San Francisco investigates LIBOR fraud and its possible impact on city finances
Although few have ever heard of it, there's probably no number more important to the global financial system than the London Interbank Offered Rate, or LIBOR. Defined precisely, LIBOR is a set of different interest rates that the world's largest banks charge one another for cash loans denominated in US dollars.
Because of its centrality to the economic system, and the trust placed in it, LIBOR is used to calculate everything from consumer loans and home mortgages to exotic financial derivatives and investments. LIBOR makes the financial world go round, influencing the price of everything. Fortune 500 companies decide whether or not to invest billions in new factories and product lines based on LIBOR's direction. Governments rethink their debt levels and spending when LIBOR ticks up and down.
It turns out, however, that LIBOR has been a lie, and that the world's biggest banks rigged the rate to skim off billions of dollars in value from other corporations and the general public. In a devastating set of revelations that began to surface two years ago, the panel of the largest global banks that set the LIBOR rate conspired to manipulate it, to increase or decrease LIBOR, solely because a higher or lower quote on particular days would allow them to reap millions in instant profits.
US authorities working with regulators in the UK, Japan, Switzerland, and Singapore are currently investigating upwards of two dozen banks in what is probably the single biggest financial crime ever perpetrated. So far, employees of Barclay's, UBS, and Credit Suisse have been fired, arrested, and charged. Many more criminal prosecutions are surely coming, but the real battle will be in the civil courts and the court of public opinion.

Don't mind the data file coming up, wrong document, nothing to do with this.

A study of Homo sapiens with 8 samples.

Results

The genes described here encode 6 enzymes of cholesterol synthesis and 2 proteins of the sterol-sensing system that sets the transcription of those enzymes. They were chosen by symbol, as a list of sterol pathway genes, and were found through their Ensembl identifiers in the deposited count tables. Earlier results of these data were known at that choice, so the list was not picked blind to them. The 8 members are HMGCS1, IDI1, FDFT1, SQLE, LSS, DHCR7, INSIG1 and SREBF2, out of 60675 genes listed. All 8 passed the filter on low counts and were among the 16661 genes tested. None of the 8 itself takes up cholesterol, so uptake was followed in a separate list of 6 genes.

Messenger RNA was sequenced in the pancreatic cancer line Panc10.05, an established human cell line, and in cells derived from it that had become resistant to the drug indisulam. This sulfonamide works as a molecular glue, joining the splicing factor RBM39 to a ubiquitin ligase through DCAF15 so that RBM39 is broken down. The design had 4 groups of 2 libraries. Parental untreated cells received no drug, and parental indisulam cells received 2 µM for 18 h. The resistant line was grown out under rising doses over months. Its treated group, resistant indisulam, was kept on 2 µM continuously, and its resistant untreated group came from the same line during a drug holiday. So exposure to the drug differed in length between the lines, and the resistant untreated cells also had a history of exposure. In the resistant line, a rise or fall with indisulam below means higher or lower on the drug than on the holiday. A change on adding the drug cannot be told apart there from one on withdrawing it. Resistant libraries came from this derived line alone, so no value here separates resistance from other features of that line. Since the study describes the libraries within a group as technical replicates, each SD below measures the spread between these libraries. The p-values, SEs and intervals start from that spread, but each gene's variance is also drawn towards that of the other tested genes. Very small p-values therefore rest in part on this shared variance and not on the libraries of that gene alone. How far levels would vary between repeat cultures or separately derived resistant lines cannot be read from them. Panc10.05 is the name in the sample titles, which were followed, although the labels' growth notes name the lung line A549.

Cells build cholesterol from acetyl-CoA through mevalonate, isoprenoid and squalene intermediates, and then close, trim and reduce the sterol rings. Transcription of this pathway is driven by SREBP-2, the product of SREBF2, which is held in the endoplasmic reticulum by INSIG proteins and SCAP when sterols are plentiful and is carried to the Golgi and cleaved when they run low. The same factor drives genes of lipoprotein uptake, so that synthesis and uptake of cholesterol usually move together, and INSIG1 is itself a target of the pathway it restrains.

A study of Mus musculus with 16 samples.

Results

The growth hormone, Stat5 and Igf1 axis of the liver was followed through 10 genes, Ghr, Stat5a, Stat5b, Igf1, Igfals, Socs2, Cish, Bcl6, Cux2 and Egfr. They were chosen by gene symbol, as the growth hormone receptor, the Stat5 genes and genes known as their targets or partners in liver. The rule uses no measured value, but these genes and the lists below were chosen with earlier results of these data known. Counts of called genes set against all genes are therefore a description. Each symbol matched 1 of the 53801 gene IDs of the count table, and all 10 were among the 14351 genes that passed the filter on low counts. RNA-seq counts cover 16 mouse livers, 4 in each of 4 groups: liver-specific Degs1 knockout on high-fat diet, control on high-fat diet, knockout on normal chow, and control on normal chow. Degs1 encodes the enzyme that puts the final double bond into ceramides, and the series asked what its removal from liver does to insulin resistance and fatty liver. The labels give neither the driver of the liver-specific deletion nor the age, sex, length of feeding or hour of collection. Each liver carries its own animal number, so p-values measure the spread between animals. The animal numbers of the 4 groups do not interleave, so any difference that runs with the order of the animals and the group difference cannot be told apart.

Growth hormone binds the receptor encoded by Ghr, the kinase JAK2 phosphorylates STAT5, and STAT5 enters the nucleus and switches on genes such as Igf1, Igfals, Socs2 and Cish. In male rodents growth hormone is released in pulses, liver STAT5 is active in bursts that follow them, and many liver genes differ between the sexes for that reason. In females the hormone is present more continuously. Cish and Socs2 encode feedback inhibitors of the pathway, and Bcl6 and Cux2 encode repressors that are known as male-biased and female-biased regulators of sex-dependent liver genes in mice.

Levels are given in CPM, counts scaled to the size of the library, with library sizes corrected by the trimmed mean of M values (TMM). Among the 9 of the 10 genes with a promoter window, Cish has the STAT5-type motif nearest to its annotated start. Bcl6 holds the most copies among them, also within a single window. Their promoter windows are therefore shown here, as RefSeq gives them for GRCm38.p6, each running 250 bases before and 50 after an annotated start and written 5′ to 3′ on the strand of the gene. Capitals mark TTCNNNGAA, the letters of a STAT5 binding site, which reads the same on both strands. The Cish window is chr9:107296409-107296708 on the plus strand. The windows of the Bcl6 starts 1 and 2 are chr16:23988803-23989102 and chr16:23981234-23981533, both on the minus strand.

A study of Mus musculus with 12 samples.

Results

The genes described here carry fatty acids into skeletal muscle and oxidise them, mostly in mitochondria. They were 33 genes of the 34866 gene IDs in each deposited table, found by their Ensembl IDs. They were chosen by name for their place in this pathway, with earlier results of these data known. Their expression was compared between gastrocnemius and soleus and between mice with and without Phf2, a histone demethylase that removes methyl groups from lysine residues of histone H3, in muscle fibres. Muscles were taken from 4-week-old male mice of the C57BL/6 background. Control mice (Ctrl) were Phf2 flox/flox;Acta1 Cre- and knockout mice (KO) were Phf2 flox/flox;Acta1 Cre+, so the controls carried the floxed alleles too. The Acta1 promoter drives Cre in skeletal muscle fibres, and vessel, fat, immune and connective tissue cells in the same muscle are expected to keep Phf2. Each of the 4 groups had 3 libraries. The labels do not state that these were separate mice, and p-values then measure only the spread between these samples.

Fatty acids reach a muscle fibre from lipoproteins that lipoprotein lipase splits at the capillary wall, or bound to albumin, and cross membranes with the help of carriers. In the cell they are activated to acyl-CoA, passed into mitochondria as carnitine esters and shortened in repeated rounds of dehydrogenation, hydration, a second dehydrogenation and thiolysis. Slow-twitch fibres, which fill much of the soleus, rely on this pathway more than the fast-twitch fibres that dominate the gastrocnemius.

To date only a handful of civil lawsuits have been filed, the first shot fired by the city of Baltimore early last year. Last month, the County of San Mateo, city of Richmond, and the East Bay Municipal Utility District filed their own cases which were quickly consolidated into a growing class action to be heard in New York's Southern District Federal Court.
Now San Francisco is set to enter the ring. On January 29, Supervisor John Avalos called for public hearings to review the impact of LIBOR manipulation on San Francisco's finances, starting next week. While other cities and public agencies might be ahead in the federal courts, Avalos's recommendation takes the investigation further, and in a different direction.
"We're trying to assess how the LIBOR scandal affects San Francisco, and that's what the hearing is about," Avalos told the Guardian. "These banks rigged the financial markets for their own benefit and the global economy suffered as a result."
While early indications are that San Francisco is better protected than many jurisdictions, Avalos said, "I think it's important to stand with other cities and counties that are suffering." Or as his legislative aide Jeremy Pollock told us, "When a major city like San Francisco calls for hearings, it'll get a lot more attention. The hearing will be an educational process for everyone to understand how this complicated financial world really works."
Former Supervisor Chris Daly, now the political director for Service Employees International Union Local 1021, which represents most city employees, said there's a need to hold the banks publicly accountable. "These other jurisdictions that have filed suit haven't had a big public process. We don't want to see settlements for less in courtrooms. We want to see the full public exposure of the issue, and in terms of the cause of bank accountability, it is the better approach."